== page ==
The main difference between JavaScript and most other languages is that JavaScript allows us to create a function as a stand alone entity, and to pass it as an argument to a method, which can accept it as a parameter, just as we can any other object type.

This allows us to create compact code that is easy to understand, partially because functions can appear anywhere in the code where an expression can appear. This feature can eliminate the need to pollute your code with unnecessary names when a function isn’t going to be referenced from multiple places within the code. Functions are the fundamental building blocks for reusable code libraries.

In JavaScript, functions are first-class objects. Functions can be:

  • created via literals
  • assigned to variables/array entries/properties of other objects
  • passed as arguments to functions
  • returned as values from functions
  • and can even possess properties that can be dynamically created and assigned.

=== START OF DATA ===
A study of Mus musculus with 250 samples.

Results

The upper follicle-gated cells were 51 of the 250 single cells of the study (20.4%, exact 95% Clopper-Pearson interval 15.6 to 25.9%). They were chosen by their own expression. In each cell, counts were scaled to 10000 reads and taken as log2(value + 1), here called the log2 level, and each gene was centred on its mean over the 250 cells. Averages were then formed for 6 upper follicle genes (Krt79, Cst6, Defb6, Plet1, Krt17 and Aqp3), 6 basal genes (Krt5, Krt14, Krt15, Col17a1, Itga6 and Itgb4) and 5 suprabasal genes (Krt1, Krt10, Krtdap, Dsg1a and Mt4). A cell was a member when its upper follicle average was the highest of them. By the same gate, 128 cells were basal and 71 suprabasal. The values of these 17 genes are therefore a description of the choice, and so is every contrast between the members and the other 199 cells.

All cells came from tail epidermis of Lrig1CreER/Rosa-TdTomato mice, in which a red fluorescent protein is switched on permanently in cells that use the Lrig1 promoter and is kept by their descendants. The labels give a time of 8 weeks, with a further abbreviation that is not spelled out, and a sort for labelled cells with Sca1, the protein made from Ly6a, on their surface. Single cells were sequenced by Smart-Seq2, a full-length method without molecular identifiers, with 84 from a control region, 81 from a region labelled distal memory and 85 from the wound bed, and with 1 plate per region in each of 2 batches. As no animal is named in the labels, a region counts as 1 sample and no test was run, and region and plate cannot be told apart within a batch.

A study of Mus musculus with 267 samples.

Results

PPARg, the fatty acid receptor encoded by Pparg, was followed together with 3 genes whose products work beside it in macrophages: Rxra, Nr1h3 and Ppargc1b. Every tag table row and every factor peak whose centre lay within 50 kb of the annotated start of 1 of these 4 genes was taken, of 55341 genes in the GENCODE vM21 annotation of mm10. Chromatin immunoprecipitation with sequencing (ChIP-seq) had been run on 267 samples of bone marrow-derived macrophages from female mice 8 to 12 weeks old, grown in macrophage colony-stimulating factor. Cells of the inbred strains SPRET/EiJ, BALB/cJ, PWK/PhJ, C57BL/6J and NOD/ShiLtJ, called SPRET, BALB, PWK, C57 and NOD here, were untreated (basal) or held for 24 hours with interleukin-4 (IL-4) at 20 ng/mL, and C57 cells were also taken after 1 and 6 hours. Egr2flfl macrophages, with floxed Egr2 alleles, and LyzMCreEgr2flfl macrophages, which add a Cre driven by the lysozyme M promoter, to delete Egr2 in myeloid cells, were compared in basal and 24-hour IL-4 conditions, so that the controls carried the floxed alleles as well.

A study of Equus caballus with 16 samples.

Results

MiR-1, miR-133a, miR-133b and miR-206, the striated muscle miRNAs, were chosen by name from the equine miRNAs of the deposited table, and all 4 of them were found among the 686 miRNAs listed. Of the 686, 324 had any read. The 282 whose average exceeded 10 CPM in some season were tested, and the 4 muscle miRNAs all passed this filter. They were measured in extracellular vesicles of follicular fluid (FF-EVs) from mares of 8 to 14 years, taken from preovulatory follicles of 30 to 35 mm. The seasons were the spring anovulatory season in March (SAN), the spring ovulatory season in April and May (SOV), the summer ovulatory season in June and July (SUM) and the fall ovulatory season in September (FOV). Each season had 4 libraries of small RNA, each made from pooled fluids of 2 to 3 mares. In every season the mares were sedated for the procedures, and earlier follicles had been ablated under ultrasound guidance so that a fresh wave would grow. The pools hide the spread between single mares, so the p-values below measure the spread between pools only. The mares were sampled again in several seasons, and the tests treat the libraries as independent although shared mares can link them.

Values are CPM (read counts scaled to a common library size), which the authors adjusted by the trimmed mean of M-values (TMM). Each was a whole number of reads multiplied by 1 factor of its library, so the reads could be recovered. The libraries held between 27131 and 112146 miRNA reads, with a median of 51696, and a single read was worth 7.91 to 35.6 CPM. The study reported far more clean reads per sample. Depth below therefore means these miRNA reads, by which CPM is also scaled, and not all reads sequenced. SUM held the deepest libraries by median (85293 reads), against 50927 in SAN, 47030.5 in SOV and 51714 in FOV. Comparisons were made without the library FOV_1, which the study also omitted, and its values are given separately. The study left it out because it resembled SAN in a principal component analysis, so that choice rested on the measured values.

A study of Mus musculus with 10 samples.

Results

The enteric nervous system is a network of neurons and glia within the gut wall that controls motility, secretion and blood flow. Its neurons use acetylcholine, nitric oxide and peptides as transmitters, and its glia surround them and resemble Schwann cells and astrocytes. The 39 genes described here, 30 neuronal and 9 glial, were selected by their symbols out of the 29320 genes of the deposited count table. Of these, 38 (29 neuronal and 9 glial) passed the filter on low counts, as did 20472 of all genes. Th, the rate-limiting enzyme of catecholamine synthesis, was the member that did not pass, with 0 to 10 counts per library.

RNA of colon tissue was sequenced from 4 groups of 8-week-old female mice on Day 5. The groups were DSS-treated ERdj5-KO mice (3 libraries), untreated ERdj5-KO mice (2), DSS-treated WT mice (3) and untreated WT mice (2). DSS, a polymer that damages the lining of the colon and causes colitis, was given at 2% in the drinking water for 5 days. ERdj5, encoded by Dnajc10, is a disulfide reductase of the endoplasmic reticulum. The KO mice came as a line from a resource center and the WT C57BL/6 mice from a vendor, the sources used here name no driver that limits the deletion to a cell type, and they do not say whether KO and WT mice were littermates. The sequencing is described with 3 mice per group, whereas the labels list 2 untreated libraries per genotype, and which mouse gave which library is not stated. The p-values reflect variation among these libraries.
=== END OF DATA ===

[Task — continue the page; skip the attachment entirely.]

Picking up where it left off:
Functions in JavaScript are treated like any other object in the language, with the exception that they can be invoked in an asynchronous manner.

Let’s take a look at a chunk of code from John Resig & Bear Bibeault’s Secrets of the JavaScript Ninja to prove my point.

/****Three different ways of defining functions*******/
	function isNimble(){ return true; } 
	var canFly = function(){ return true; }; 
	window.isDeadly = function(){ return true; }; 
	log(isNimble, canFly, isDeadly);

/*****Example showing how the order of function definition does not matter******/
	var canFly = function(){ return true; }; 
	window.isDeadly = function(){ return true; }; 
	assert( isNimble() && canFly() && isDeadly(), "Still works, even though isNimble is moved." );
	function isNimble(){ return true; }

/********Where can assignments be accessed?**********/
	assert( typeof canFly == "undefined", "canFly doesn't get that benefit." ); 
	assert( typeof isDeadly == "undefined", "Nor does isDeadly." ); 
	var canFly = function(){ return true; }; 
	window.isDeadly = function(){ return true; };

/******Functions can be defined below return statements********/
	function stealthCheck(){ 
	  assert( stealth(), "We'll never get below the return, but that's OK!" );
	  return stealth();
	  function stealth(){ return true; } 
	}
	stealthCheck();

So go out there, and write some reusable code that hinges on the power of functions in your code.